The selection of Lexington poet Nikky Finney as a finalist for the National Book Award is a well-earned triumph for Finney. The UK English professor and member of the Affrilachian Poets group will travel to New York on Nov. 16 to learn if her latest poetry collection, Head Off & Split, earns her $10,000 and the mantle of best American poet of the year.
Whatever the outcome, the nomination further affirms Kentucky as the Literary Arts Capital of Mid-America. New York can legitimately claim the east coast. California may have a lock on the West. Kentucky is America's literary heart.
Proclaiming Kentucky a Literary Arts Capital may be a boast, but it is not a stretch. Since the middle of the 19th century, Kentucky has produced far more outstanding writers than our 1 percent of the population would forecast. For example:
Kentucky is the birthplace of the first African-American novelist, William Wells Brown. After escaping slavery, Brown published Clotel, The President's Daughter, in 1853. The book told the then-speculative story of how President Thomas Jefferson fathered children with a slave.
Sign Up and Save
Get six months of free digital access to the Lexington Herald-Leader
Kentucky is home to the first million-selling novelist, John Fox, Jr. The Bourbon County native produced a string of best-sellers between 1900 and 1910. His 1903 novel, The Little Shepherd of Kingdom Come, was the first ever to top seven figures in sales.
The first poet laureate of the United States, Robert Penn Warren, was a Kentuckian. A native of Guthrie, Warren also is the only writer ever to win the Pulitzer Prize in more than one category. He won it in 1947 for his novel, All the King's Men, and then twice for his poetry books.
Kentucky also has generated writers who created new literary genres: Thomas Merton redefined spiritual autobiography in The Seven Storey Mountain. Harry Caudill created a unique biography of a place — Appalachia — in his non-fiction classic, Night Comes to the Cumberlands (1963). And Hunter Thompson of Louisville broke ground with his "gonzo journalism" — first-person, subjective, irreverent prose, including Fear & Loathing on the Campaign Trail, 1972.
Nikky Finney, meanwhile, is the latest in a long line of brilliant Kentucky women writers. Harriette Arnow, a Wayne County native, won the National Book Award in 1954 for The Dollmaker. Marsha Norman of Jefferson County took the 1983 Pulitzer for her play, 'night Mother. Bobbie Ann Mason, originally from Mayfield, was a Pulitzer finalist with her memoir, Clear Springs, in 2000. And just last year, C.E. Morgan of Berea (All the Living) was named by the National Book Foundation as one of the five best writers in America under 35.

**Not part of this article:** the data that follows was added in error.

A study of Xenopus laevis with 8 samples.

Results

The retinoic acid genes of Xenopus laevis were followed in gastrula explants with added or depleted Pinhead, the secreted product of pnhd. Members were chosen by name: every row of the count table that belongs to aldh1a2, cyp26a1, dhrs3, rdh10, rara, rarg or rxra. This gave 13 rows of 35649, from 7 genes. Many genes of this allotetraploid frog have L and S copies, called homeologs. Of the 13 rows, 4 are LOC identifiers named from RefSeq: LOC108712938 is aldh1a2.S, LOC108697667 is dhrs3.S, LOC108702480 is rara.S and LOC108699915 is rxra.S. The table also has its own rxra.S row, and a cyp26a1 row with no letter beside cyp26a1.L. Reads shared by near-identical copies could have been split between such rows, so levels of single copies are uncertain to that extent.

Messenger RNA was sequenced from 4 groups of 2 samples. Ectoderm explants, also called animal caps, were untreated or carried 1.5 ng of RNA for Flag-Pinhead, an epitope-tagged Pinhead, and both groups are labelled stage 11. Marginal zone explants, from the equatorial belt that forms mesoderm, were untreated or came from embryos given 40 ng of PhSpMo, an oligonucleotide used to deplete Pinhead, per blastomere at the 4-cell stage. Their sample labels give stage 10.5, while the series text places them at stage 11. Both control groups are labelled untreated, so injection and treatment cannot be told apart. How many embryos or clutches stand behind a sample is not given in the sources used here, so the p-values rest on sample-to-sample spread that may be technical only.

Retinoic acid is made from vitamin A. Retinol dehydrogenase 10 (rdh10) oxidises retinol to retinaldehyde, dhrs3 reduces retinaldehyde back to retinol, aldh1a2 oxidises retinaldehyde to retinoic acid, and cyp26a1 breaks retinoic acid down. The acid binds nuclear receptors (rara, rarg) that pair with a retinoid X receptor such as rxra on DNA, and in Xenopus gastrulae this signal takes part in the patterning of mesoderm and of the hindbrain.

Why does Kentucky produce so many outstanding writers?
Some say the inspiration is the land, and there's evidence of that in the luminous environmental writings of Harry Caudill, Wendell Berry and Erik Reece. Others say the inspiration comes from the legacy of conflict here: north vs. south, Hatfields vs. McCoys, rural vs. urban. Without a deep understanding of conflict, who could write a compelling book?
I think it's both of these factors, plus another: Kentucky takes care of its writers. I know that was true for me 15 years ago when I first came to the Carnegie Center seeking my writing voice and a publisher.
As the center's new director, I intend to continue to support our state's writers, both the well-established and the up-and-coming.
A few months ago, in fact, the center hosted a party to help launch a local poet's new book. Now, that poet is getting ready to go to New York for an awards ceremony. Good luck, Nikky, from your friends and admirers throughout Kentucky, the Literary Arts Capital of Mid-America.